On September 17th, Venice will celebrate the last main rowing competition of the season. As Italy begins descending into the colder months, Venetians take to the water once more in a grand spectacle of athletic prowess and a demonstration of mastery of the ancient canals. The “voga alla veneta” (Venetian rowing) is a centuries-old tradition in Burano, an area of Venice. For hundreds of years it was the most efficient way to transport fish to nearby islands and to the population of Venice before the invention of the motor. The waterways of Venice have been the main veins of Venetian economic development over time. Explore the history of the watery city with a guided historical walking tour.
Today rowing is practiced exclusively for sport and is deeply honored in the Venetian lagoon. This is exemplified by the “Burano Regatta”. considered by athletes, fans and enthusiasts to be the rematch of the Regatta Storica, or the historical regatta, which took place in the city only weeks prior. To get a feel for the athletic intensity of the sport, learn to row like a gondolier.
In celebration of the Burano Regatta, locals welcome tourists with outdoor stands, entertainment, and goods for sale. On this specific occasion Venetian restaurants stay close to their origins and offer age old fare typical to this region. Many Burano restaurants will be serving fresh, fried, local fish prepared in a number of ways. This will be located in the middle of the action at the Balsassarre Galuppi square, near the Church of St. Martin. To get a better taste for traditional Venetian cuisine, opt for a happy hour food and drink tour.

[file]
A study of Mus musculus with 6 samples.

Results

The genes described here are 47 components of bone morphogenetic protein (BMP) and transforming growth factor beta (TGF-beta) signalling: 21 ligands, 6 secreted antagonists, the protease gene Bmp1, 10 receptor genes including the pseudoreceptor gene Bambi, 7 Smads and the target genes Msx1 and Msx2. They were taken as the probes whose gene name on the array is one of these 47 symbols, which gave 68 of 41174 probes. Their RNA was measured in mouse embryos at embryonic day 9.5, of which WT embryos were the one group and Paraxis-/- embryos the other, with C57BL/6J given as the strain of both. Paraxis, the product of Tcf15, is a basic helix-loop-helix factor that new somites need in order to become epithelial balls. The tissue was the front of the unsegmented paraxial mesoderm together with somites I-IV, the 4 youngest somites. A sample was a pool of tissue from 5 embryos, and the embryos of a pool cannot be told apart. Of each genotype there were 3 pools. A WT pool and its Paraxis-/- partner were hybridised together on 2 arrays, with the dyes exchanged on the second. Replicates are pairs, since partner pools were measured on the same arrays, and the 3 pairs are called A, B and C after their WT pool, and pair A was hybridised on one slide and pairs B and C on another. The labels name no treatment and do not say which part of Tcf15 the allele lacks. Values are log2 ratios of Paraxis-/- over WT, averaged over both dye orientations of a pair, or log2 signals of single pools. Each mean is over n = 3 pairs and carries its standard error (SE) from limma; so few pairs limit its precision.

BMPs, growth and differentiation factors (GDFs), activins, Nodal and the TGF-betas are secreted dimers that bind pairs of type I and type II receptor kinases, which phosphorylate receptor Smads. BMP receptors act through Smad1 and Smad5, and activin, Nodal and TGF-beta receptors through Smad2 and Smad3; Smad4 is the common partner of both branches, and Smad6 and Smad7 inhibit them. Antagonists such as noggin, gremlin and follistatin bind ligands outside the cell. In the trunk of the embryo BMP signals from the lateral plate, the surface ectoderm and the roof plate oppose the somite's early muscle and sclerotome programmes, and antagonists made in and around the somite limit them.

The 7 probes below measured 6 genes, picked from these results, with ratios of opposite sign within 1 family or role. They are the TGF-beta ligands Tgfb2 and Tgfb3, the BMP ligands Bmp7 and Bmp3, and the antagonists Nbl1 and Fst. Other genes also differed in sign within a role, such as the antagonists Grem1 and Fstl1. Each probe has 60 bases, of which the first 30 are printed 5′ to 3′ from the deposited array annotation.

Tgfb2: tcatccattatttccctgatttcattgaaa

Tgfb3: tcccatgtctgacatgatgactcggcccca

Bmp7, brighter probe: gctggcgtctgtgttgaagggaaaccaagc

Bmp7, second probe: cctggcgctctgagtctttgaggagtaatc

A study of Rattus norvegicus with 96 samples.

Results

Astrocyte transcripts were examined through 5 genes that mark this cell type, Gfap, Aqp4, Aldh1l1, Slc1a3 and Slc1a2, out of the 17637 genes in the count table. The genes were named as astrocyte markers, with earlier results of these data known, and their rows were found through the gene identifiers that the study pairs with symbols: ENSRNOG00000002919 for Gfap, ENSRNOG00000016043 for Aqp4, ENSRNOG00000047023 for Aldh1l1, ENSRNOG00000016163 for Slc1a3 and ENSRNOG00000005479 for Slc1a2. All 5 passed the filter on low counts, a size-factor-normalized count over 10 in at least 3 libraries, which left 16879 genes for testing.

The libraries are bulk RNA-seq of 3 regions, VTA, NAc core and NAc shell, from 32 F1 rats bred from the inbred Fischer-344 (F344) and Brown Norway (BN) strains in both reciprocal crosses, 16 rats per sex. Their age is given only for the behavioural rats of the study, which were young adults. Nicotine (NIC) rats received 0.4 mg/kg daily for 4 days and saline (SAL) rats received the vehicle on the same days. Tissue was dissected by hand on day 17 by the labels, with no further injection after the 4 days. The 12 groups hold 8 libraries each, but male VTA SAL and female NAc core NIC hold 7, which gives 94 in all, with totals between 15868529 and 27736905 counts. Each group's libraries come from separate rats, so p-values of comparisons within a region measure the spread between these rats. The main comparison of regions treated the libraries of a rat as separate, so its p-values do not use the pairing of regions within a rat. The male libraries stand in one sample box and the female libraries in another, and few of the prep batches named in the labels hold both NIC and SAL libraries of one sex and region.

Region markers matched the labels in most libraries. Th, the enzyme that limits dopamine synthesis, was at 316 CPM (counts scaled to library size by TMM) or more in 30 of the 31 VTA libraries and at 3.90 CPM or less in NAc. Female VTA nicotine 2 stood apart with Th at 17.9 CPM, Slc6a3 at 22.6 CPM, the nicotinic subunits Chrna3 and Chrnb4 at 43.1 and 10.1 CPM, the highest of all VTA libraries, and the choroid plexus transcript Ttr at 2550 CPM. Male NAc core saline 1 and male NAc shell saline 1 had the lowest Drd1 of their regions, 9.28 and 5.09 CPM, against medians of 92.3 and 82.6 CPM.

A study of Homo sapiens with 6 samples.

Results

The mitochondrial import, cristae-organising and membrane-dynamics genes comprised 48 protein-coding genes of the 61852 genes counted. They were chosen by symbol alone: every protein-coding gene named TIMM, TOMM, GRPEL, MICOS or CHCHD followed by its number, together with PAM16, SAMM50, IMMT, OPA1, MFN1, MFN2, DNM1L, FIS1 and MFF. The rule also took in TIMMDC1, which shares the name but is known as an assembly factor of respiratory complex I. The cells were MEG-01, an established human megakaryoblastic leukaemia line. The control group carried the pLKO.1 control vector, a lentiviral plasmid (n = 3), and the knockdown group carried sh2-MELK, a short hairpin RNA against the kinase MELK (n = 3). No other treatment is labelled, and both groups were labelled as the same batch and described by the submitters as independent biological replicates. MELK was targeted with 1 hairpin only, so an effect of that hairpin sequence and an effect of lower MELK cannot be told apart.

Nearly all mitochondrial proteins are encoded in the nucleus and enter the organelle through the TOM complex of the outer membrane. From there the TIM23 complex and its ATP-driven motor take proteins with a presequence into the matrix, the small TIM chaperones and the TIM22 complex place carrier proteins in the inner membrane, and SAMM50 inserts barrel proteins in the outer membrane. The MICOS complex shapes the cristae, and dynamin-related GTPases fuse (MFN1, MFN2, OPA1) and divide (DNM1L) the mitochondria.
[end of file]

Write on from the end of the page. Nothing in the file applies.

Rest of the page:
The Burano Regatta boats use a system of two separate oars for female competitors and one two-oared gondola for males. Those that competed and lost in the Regatta Storica are fighting to regain their reputation and take home a title before the close of the season. For your own taste of traditional Venetian boating, take a sail on a traditional boat, akin to what competitors will be racing on.
Have you ever experienced a Venetian Regatta? How do you imagine the energy may be different at this regatta as compared with others of the season, seeing as it is the last? Where in the city would you choose to watch the action from?